When Paige Daniels began to go into labour she did not give it a second thought who she'd ask for a drive to the hospital.
Without a car and concerned about the safety of Winnipeg taxis, Daniels posted a message to a private Facebook group called Ikwe Safe Rides For Everyone asking for a lift to St. Boniface General Hospital.
"I felt safer taking an Ikwe ride," she said. "Because it's women helping women."
She posted the request at about 3 a.m. on Wednesday and approximately 20 minutes later a woman pulled up, ready to take her to the delivery room.
Monty, now just shy of a week old, was born later that same day — a happy, healthy baby boy.
Violet Baptiste, one of the co-ordinators of Ikwe, said Monty is the fifth baby born to moms who have received rides to the hospital.
"We definitely try to be kind to these women and help them out in emergency situations," said Baptiste, who herself is a mom, full-time university student and part-time army officer.
The organization calls them "Ikwe babies," she said with a smile.
"They're all really special. We're glad we can help them."
Daniels' distrust of taxis stems from negative experiences her friends have had — like being called names or being asked to pay up for rides up front, she said.
"I've been hearing a lot of bad stories about taxi drivers ... It can be pretty dangerous at night time, especially if you're alone," she said.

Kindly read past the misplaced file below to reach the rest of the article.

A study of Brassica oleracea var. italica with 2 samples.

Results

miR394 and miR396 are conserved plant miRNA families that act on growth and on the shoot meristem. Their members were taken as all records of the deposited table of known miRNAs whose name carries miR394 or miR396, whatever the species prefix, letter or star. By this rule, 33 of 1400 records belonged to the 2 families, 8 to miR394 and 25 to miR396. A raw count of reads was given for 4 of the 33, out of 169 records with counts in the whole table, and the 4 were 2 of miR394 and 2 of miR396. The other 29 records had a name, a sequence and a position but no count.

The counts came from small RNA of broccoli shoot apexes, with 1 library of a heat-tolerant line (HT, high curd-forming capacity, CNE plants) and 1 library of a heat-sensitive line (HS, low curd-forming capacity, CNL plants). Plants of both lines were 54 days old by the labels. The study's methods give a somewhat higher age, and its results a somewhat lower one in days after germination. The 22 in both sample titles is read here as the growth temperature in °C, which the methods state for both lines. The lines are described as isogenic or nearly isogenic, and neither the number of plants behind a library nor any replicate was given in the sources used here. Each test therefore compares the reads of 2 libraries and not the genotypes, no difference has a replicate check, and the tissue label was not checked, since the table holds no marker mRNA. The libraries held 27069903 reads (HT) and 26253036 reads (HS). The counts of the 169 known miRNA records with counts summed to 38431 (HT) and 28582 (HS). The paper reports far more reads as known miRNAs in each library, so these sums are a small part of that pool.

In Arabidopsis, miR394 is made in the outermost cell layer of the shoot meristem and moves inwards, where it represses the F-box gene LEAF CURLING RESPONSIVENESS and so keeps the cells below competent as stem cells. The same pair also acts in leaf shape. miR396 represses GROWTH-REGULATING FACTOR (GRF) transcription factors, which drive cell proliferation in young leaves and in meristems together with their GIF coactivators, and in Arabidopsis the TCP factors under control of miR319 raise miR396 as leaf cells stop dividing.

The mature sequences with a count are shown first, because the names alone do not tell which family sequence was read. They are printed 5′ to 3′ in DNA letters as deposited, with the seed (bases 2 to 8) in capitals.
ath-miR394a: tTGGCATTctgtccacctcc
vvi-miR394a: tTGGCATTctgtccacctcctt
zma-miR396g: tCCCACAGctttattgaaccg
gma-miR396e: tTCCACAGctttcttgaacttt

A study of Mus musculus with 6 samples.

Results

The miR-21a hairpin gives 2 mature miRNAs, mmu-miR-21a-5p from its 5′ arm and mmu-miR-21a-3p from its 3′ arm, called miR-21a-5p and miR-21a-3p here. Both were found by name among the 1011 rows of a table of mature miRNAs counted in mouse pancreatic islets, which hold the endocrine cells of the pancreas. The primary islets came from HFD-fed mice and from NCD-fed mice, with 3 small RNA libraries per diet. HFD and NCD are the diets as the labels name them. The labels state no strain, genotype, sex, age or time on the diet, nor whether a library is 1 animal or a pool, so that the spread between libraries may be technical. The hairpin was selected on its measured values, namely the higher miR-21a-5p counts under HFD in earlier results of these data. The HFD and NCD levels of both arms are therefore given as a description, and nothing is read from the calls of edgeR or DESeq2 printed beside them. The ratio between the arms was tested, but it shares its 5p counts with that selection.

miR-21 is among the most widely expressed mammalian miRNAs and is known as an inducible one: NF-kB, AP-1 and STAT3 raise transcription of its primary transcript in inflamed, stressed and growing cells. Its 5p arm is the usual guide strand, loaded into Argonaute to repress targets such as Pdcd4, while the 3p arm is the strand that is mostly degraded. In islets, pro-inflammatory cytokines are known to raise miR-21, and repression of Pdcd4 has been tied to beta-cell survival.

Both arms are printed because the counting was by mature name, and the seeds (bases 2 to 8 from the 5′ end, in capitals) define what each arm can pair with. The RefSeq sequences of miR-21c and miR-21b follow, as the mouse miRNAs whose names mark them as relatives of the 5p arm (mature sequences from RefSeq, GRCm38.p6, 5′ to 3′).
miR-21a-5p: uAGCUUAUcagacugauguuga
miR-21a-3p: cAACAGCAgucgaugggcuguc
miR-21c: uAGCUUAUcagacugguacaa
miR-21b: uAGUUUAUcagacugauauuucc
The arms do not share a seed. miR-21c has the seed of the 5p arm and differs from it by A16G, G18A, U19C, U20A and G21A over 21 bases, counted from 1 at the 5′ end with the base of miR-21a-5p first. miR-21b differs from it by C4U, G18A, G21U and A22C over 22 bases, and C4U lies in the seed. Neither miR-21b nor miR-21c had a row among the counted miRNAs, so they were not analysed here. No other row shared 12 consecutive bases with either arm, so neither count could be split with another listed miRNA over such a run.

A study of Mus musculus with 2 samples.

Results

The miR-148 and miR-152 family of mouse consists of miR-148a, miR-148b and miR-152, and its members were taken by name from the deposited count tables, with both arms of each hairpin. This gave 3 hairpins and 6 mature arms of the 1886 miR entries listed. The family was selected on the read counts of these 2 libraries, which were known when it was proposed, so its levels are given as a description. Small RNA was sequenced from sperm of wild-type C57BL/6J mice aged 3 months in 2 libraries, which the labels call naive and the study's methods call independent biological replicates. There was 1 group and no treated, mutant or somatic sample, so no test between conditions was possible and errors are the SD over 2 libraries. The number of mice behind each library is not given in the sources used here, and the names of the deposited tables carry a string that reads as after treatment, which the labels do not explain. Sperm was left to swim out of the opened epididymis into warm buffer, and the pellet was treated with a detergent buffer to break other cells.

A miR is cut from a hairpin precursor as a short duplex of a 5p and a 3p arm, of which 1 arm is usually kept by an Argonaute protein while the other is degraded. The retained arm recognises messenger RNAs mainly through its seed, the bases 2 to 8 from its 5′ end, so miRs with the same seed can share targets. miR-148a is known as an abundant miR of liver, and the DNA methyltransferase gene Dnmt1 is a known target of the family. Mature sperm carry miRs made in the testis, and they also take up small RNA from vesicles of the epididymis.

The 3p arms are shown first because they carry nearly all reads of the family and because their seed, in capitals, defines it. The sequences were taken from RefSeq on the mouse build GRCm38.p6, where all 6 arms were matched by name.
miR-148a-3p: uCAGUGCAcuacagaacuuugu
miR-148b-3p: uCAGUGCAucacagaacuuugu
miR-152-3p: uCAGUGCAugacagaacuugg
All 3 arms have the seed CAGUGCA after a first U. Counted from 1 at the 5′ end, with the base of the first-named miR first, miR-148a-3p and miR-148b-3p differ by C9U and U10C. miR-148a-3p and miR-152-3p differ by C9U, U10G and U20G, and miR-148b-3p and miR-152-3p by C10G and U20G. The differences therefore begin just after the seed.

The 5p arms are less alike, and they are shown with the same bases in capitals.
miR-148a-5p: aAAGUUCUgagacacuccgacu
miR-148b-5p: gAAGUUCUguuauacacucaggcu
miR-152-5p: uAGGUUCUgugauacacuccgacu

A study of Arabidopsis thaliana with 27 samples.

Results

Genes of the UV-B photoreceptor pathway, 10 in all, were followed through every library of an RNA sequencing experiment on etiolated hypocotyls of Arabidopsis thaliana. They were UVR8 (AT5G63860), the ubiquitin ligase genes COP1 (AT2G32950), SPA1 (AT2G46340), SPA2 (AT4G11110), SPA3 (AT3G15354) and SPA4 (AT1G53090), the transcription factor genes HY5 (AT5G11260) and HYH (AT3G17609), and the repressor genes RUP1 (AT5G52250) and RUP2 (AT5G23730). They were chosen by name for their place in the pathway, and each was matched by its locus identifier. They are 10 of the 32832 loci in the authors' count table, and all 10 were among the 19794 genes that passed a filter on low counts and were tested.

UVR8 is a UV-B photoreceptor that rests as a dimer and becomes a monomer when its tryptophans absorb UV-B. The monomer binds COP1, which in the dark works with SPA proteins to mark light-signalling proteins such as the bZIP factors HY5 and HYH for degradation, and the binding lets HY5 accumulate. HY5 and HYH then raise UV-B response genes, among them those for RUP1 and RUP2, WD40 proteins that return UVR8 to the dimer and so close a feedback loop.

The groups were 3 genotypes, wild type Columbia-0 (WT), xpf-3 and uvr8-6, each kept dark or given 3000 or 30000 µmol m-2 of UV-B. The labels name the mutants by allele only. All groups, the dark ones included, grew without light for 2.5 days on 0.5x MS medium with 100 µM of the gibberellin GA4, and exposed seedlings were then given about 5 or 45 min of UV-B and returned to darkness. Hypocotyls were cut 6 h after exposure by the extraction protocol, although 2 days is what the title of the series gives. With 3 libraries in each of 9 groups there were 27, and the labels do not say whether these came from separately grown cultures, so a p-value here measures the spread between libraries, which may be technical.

In fact the only time she feels safe taking a taxi is when her boyfriend is with her, she said.
Baptiste said those kinds of fears and feelings of distrust are common among clients of Ikwe.
"We're women driving women ... We want to help the community, we want to build that trust."
Ikwe accepts donations for rides except in emergency situations where drivers can take a complimentary gas card to cover any expenses. Since the volunteer group started up, 51 drivers have registered with Ikwe and more than 20,000 rides have been given.
"We average about 350 rides per week," said Baptiste.
While the group mainly provides rides in non-urgent situations, like lifts home after a late-night work shift, it will occasionally drive clients to the hospital for non-life-threatening emergencies like births or high fevers, she said.
She adds most drivers with Ikwe do not have a medical background and will refer women to call 911 in circumstances where a life is in danger or there is domestic abuse.
Daniels encourages other woman to consider requesting rides with Ikwe.
"They're really helpful. I would recommend them for women if they don't feel like using a cab."